When the news about the lost disc with 25 million child benefit records initially broke one of my first and instant reactions was that the incident, far from brining ID cards into question would actually be used as a justification for them. This didn't take long to happen and today the former Home Secretary David Blunkett has written to the Times arguing the case in a letter riddled with fallacy and flawed analysis.
The first problem comes when he says that those using the loss of data to argue against ID cards is a "diversion by those who have never wanted ID cards anyway, and who do not appear to have ever understood them". Wrong. The diversion Mr Blunkett is your attempt to dismiss their argument by playing the associative circumstantial man rather than the ball.
Whether someone has always been against ID cards or not is irrelevant when assessing the validity of their argument. Suggesting so is intellectually bankrupt. However it is when we get to his actual "argument" where it all falls apart for Blunkett. He says,
"The database is simply about identity — not about the plethora of information that already rests elsewhere. It will actually make it easier to protect your identity, including in circumstances such as these where information has gone missing. This is because it gives an absolutely robust form of identification that stops other people being able to pretend that they are you, simply because they’ve got hold of some of your personal details. It will allow a proper check to be made between your own biometric and that held on the database, giving greater protection"Dear Lord! There are least two glaring problems with this argument. Firstly there is the false demarcation being made between ID cards and the HMRC issue on the basis of the content of the database. They are not separate issues at all, because at the core of the HMRC issue (and the core of the ID database) is the weakest point of any system, the user.
The ID database remains a simple database that has human beings entering data on to it. Errors in entry do and will occur as they do with any large-scale system. Data corruption and the consequent data cleansing required are standard operating practices of managing such information systems that contain millions of records.
The point to stress here is what happens to someone's "identity" when data corruption occurs because of entry mistakes? Maintenance mistakes? Hardware failure and subsequent recovery of data? Network outages that mean querying is not possible? Or simply stupid people making stupid requests? Remember that if your biometric data is exposed you cannot apply for a new set.
What happens when you discover that your identity is not protected on the database because as far as the database is concerned - due to cock-up, not conspiracy - you either don't exist or it says you are someone else? What happens when you go to the bank and they say "sorry Sir, you are trying to commit fraud, the Government says you’re lying we’re calling the Police"?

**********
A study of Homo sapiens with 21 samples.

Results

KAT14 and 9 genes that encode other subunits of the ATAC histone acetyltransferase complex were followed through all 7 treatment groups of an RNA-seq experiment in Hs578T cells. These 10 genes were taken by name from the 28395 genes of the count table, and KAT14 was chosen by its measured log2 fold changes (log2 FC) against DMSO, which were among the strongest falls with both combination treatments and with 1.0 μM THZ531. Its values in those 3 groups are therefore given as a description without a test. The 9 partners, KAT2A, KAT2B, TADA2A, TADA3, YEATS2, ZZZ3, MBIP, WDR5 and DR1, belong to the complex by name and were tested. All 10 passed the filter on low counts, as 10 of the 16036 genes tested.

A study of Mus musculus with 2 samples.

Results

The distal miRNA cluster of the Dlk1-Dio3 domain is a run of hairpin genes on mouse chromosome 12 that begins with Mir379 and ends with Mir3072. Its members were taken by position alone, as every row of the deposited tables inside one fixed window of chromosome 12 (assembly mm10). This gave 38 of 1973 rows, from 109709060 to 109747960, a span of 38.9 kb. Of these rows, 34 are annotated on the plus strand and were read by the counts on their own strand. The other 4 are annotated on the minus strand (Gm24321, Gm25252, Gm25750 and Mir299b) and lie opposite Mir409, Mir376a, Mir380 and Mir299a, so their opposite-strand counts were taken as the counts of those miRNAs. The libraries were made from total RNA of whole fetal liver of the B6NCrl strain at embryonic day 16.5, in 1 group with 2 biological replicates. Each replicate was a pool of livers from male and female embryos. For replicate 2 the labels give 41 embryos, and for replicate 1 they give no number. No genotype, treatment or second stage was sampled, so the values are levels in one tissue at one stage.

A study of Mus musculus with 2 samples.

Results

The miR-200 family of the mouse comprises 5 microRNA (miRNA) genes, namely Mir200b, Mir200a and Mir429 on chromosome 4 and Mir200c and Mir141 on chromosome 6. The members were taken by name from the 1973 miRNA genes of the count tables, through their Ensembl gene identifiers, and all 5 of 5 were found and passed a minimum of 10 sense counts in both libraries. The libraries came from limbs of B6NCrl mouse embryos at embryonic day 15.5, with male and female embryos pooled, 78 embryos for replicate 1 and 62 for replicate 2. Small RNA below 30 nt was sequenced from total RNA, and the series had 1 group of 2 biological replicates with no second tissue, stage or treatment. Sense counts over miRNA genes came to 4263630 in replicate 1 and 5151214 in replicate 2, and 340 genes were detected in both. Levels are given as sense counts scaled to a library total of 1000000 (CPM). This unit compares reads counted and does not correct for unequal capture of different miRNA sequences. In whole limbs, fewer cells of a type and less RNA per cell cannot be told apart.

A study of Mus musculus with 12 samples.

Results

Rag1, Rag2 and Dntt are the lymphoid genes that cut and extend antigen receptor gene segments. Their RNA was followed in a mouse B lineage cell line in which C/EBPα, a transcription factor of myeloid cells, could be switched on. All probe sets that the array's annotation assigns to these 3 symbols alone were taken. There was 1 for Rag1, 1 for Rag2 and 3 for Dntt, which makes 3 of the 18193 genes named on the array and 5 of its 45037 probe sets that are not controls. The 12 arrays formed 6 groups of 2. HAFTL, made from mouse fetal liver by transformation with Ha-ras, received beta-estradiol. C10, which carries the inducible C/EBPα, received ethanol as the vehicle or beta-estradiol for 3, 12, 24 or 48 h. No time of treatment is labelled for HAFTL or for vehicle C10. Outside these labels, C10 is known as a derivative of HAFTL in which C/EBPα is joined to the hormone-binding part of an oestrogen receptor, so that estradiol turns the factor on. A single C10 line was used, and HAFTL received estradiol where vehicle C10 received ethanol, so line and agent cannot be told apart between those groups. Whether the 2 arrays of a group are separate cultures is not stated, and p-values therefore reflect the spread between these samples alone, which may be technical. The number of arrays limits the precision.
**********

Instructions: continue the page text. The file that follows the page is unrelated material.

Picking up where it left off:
Blunkett's argument here is essentially predicated on the notion that database integrity is 100% guaranteed and that not enough people understand this, he willfuklly ignores the human factor in his consideration. Mr Blunkett, you won't find a DBA or SysAdmin in the world worth their salt that will give you a 100% integrity guarantee on a system. The potentiality of 'garbage in garbage out' alone is enough to ensure that without even considering the other practical realities of administering such things.
The second, and frankly unbelievable claim that Blunkett has made is his use of the phrase "absolutey robust" in relation to biometrics. Absolutely robust? Those are very bold words given the last point made about managing data integrity, but worse still they perfectly illustrate why it is not those arguing against ID cards who don't "understand" but rather the former Home Secretary and his ilk.
The argument is based upon the assumption that biometric data is impossible to workaround forever and ever in the world, the universe and time. Biometric data, for Blunkett, is impervious to fraud. It is impossible to pretend to be someone else ever because of this. This is not just nonsense; it is, to coin Bentham, "nonsense on stilts".
Personally I’m not quite sure if the assumption is dangerous or stupid in equal measure. The notion that because something is considered not possible now it will ultimately remain so is utterly bizarre. That's a bit like a SysAdmin saying "it's impossible to hack my server". It is very simple, nothing that is devised by man cannot equally be worked around by another man who desires to do so.
Whilst it may be science fiction one only has to see the film Gattaca to realise that in a world where biometrics are everything, people will find simple, and frankly elegant ways of getting around the system. Let us not forget that biometric passports have already been hacked. You don't need to fake biometrics to get around the current biometric systems, and when the time comes and someone wants to enough, they will.
Given all the above, I'm not really sure I can pass much more comment on Blunkett's closing words which says,
"That so few people understand this is the problem that government faces in persuading people that such a system will be better then any other, precisely because it will be robust, efficient and verifiable."Actually I lied, I can pass comment. Mr Blunkett, it is not those arguing against ID cards (for which there are clearly strong political argument too about autonomy of one’s own information) that do not understand the problem. It is you. Basically you're talking bollocks.